The nuclear state of Pakistan is going through a farcical election in which hundreds have died at the hands of government-backed jihadi death squads, tens of thousands have disappeared, feared kidnapped and killed by security agencies. At the same time, Pakistan’s newspapers and TV networks face a crackdown by a military that now has the country’s judiciary providing legitimacy to them, allowing them to run the country as their private fiefdom without having to stage a coup d’état.
And if the reign of terror and intimidation was meant to keep the elected yet ousted popular Prime Minister Nawaz Sharif away in the UK with his ailing wife, he chose to face the military head-on.
With his daughter Maryam Nawaz by his side, Sharif arrived in Lahore, Pakistan from London. However, before he could say a word to the crowds that came to greet him, Sharif and his daughter were arrestedinside the aircraft and whisked away to Adiala Jail in Islamabad where he has been placed in squalid conditions and is being treated as an ordinary criminal.
Sharif’s arrival on Friday was a tumultuous day in his power base, the province of Punjab, but unknown to the masses on the streets of Lahore and the rest of the country, ISIS had sent a suicide bomber to do what jihadis do best — blow themselves up and kill for the supposed glory of Allah.
Sources say the ISIS blast had been sanctioned by the country’s military-backed death squads to deflect attention from the arrival of Nawaz Sharif in Lahore.
For those in authority, the dead in Balochistan matter little. It’s a place where a 70-year on-again, off-again insurgency has demanded an end to Pakistan’s 1948 invasion and military occupation.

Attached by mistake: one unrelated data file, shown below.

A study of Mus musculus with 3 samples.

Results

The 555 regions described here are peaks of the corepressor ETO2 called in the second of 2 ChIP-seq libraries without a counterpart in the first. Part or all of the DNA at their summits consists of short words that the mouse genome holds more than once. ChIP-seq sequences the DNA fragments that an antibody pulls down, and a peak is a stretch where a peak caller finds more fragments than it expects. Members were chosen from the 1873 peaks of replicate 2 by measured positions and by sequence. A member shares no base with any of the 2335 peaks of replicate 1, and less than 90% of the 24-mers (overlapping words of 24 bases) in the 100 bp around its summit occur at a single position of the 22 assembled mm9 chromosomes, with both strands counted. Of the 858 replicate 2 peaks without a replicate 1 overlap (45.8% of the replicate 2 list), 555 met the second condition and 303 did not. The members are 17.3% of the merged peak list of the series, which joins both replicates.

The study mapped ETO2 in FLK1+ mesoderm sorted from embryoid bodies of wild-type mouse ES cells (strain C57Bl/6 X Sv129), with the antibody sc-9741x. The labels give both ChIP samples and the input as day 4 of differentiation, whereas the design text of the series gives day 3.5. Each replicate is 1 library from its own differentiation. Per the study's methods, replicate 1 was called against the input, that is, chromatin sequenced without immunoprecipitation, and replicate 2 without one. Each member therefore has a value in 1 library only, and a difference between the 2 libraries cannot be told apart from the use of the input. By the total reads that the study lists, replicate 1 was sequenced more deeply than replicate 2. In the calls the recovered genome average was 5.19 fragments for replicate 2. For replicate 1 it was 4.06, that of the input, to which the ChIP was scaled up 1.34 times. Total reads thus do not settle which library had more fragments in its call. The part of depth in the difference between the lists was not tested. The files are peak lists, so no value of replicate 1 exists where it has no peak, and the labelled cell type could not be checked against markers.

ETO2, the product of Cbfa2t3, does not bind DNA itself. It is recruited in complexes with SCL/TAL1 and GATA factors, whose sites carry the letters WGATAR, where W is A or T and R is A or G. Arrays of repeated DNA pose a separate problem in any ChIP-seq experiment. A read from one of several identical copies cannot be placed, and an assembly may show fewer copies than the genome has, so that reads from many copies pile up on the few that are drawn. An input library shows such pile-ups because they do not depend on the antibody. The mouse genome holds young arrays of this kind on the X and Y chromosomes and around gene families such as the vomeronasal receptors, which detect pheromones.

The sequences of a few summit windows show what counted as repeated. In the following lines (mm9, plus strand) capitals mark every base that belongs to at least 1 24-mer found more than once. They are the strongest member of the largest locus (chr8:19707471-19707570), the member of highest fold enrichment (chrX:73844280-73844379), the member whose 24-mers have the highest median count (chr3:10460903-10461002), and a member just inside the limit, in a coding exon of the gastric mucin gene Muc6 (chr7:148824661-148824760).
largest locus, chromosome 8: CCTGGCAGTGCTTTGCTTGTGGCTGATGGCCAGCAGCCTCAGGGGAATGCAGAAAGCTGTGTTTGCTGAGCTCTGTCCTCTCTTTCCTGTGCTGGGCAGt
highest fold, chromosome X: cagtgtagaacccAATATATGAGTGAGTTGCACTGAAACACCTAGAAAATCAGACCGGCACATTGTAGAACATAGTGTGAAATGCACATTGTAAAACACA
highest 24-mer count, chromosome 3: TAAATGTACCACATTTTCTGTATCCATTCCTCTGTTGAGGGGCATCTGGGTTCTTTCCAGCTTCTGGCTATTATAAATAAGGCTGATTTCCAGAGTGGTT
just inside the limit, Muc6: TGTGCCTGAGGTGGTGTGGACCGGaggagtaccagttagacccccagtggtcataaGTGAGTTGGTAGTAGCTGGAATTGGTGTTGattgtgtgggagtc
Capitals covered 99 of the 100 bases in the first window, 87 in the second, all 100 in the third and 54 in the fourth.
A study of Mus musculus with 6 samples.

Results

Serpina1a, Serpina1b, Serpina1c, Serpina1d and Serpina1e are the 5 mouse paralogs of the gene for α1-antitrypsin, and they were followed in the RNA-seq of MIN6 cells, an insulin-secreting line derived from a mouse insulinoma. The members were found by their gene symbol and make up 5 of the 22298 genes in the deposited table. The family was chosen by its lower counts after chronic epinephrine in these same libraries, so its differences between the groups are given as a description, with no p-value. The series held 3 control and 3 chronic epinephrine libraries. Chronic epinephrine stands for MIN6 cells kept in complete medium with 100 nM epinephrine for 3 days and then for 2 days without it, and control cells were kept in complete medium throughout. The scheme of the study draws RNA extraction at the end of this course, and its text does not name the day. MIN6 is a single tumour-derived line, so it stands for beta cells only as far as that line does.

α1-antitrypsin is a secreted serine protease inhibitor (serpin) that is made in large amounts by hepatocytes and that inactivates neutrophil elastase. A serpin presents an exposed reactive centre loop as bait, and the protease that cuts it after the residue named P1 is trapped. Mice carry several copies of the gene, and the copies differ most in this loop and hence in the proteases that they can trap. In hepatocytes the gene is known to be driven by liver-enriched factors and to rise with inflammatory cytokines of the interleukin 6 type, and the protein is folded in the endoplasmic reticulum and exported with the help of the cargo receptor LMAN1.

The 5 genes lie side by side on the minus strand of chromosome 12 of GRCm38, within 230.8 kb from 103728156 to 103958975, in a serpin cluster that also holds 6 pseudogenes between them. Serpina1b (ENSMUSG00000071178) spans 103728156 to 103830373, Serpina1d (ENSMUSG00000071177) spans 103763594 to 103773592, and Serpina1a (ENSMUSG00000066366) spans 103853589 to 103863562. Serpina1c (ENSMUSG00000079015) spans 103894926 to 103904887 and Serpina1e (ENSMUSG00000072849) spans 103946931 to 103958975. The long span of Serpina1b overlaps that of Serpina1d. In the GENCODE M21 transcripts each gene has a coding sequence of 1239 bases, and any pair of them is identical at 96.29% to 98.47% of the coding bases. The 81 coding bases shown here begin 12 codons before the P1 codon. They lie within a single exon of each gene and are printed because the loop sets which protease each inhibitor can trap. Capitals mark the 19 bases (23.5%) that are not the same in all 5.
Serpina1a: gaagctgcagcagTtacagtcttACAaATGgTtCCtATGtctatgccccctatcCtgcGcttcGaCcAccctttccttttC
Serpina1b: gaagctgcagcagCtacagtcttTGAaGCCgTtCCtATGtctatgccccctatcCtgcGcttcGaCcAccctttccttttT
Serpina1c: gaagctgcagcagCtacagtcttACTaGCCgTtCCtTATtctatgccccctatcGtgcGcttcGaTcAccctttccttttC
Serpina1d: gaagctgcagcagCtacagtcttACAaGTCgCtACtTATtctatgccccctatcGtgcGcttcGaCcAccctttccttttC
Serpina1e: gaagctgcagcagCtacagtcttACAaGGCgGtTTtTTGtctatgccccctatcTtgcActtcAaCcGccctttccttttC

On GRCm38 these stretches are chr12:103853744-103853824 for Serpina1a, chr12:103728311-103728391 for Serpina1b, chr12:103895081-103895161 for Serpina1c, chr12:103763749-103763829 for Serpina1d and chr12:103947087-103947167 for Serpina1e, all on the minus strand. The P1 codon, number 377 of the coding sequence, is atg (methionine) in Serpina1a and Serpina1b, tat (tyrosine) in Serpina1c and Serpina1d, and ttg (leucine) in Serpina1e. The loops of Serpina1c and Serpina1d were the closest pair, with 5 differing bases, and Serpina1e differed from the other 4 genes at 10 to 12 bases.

Balochistan is also the Pakistan military’s nuclear test site and home to the launch pads from where Islamabad can hit Israel in the west and India in the east.M-
The judiciary-military-mullah alliance in Pakistan has its own horse in the race. He is the former cricketer and playboy-turned-Islamist Imran Khan, and he may very well cross the finish line first next Wednesday. The judiciary has asked the military to control all polling booths and ballot boxes after they are sealed. Many fear this is a sure-shot way of altering the results without a soul being permitted to watch the vote count.
However, Pakistan’s former ambassador to the United States, Husain Haqqani asserts, no matter what the outcome, “Sharif’s imprisonment will not end his political career and will outlast the retirement of generals and colonels who plotted his downfall.”
Unfortunately, there might not be a Pakistan left for Sharif to continue his ‘political career’.
Pakistan is unravelling at its seams. Balochistan is on a warpath seeking independence; Sindh nationalists desiring an independent ‘Sindhu Desh’ are being helped by its Indus river dispute with ruling Punjab that has rendered fresh water lakes in Sindh into saline ponds. In the north young Pashtuns openly challenge Punjabi troops on the streets and see more in common with their Afghan fellow Pashtuns than the arrogance of Punjabi military masters.
The culmination of the acronym P A K I S T A N is near. One cannot weave togetherness using bayonets, and time for bouquets is long past, especially if the flowers are dry. The question to the rest of the world, including Canada is this: What about Pakistan’s nukes?